Low HDL, High triglycerides is a common cholesterol disorder. However, many people stay focused on LDL cholesterol. Often, they have no clue why they have low HDL, high triglycerides and how to raise HDL cholesterol and lower triglycerides level.
There are three types of cholesterol you should know about:
1. HDL (high density lipoprotein) cholesterol, also known as the good cholesterol.
2. LDL (low density lipoprotein) cholesterol, also known as the bad cholesterol.
HDL cholesterol removes cholesterol from the blood vessel wall and delivers it to the liver for final disposal. In this way, it serves to keep the walls of the blood vessels free of cholesterol deposits. That’s why it’s known as the good cholesterol. Think of it as a roto-rooter for your blood vessels!
LDL cholesterol gets deposited into the blood vessel wall and subsequently leads to narrowing of the blood vessels. That’s why it’s known as the bad cholesterol. Think of it as the growing clog in your pipes!
There are two types of LDL particles:
A. Large, fluffy particles, also known as “pattern A.”
B. Small, dense particles, also known as “pattern B.”
Small, dense LDL particles (pattern B) are more harmful than the large, fluffy type (pattern A)
Triglycerides are a form of fat circulating in the blood. High triglycerides cause deposition of cholesterol in the blood vessel walls which leads to narrowing of the blood vessels.
Low HDL, High Triglycerides is a sign of Insulin Resistance Syndrome
Patients with Metabolic/Insulin Resistance Syndrome typically have:
1. Low HDL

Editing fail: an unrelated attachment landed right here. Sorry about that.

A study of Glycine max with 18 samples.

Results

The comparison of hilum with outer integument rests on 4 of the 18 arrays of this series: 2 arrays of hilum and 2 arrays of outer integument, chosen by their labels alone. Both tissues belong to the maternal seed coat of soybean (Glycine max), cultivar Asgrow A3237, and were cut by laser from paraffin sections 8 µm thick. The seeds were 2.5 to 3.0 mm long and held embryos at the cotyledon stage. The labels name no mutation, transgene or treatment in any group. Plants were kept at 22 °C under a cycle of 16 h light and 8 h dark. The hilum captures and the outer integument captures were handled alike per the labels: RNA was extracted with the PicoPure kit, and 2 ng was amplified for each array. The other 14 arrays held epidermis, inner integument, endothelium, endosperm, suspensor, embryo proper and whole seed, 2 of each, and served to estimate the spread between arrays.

2. High Triglyerides
Consequences of Low HDL, High Triglycerides
Cholesterol gets deposited easily in the blood vessels of these patients and the build-up of cholesterol cannot be cleansed out efficiently due to low level of HDL cholesterol. Consequently, these patients are at very high risk for narrowing of the blood vessels.
HDL cholesterol and triglyceride level serves as an extremely useful test to diagnose Insulin Resistance Syndrome. If your HDL is low and/or your triglyceride level is high, you have Insulin Resistance Syndrome.
Low HDL cholesterol has been known to be a strong risk factor for coronary artery disease for a long time. In 1977, the results of the famous Framingham Heart Study were published in the American Journal of Medicine. In this study, HDL cholesterol was found to be the most potent lipid predictor of coronary heart disease.
Several other studies including the Coronary Primary Prevention Trial (CPPT), the Multiple Risk Factor Intervention Trial (MRFIT), and the Lipid Research Clinics Follow-up Study (LRCF) further confirmed the strong relationship between low HDL cholesterol and coronary artery disease.
Raising HDL cholesterol reduces the risk for heart attack. A 1% increase in HDL cholesterol is associated with a 3% decrease in risk of heart disease. This impressive role of HDL cholesterol in preventing heart attack was shown in the famous Veterans Affairs HDL Intervention Trial (VA-HIT). The results of this study were published in the New England Journal of Medicine in 1999.
In my extensive 30 plus years experience as a physician, I have never seen a patient with high HDL cholesterol (more than 80 mg/dl) suffer from a heart attack or stroke. And I continue to see a number of patients with low LDL cholesterol suffer from heart attacks and stroke.
How to raise HDL Cholesterol and Lower Triglycerides
What I have found really works is a simple change in your diet: Lower carbohydrates (including bread, pasta rice, cereals, oat meal, sugar, juices) and increase monounsaturated fats found in nuts, especially almonds, walnuts, pecan, macadamia and pistachios. Increasing the intake olive oil, avocados and fatty fish such as salmon also helps somewhat. Compared to popular belief, exercise does not help to raise your HDL cholesterol or lower triglycerides.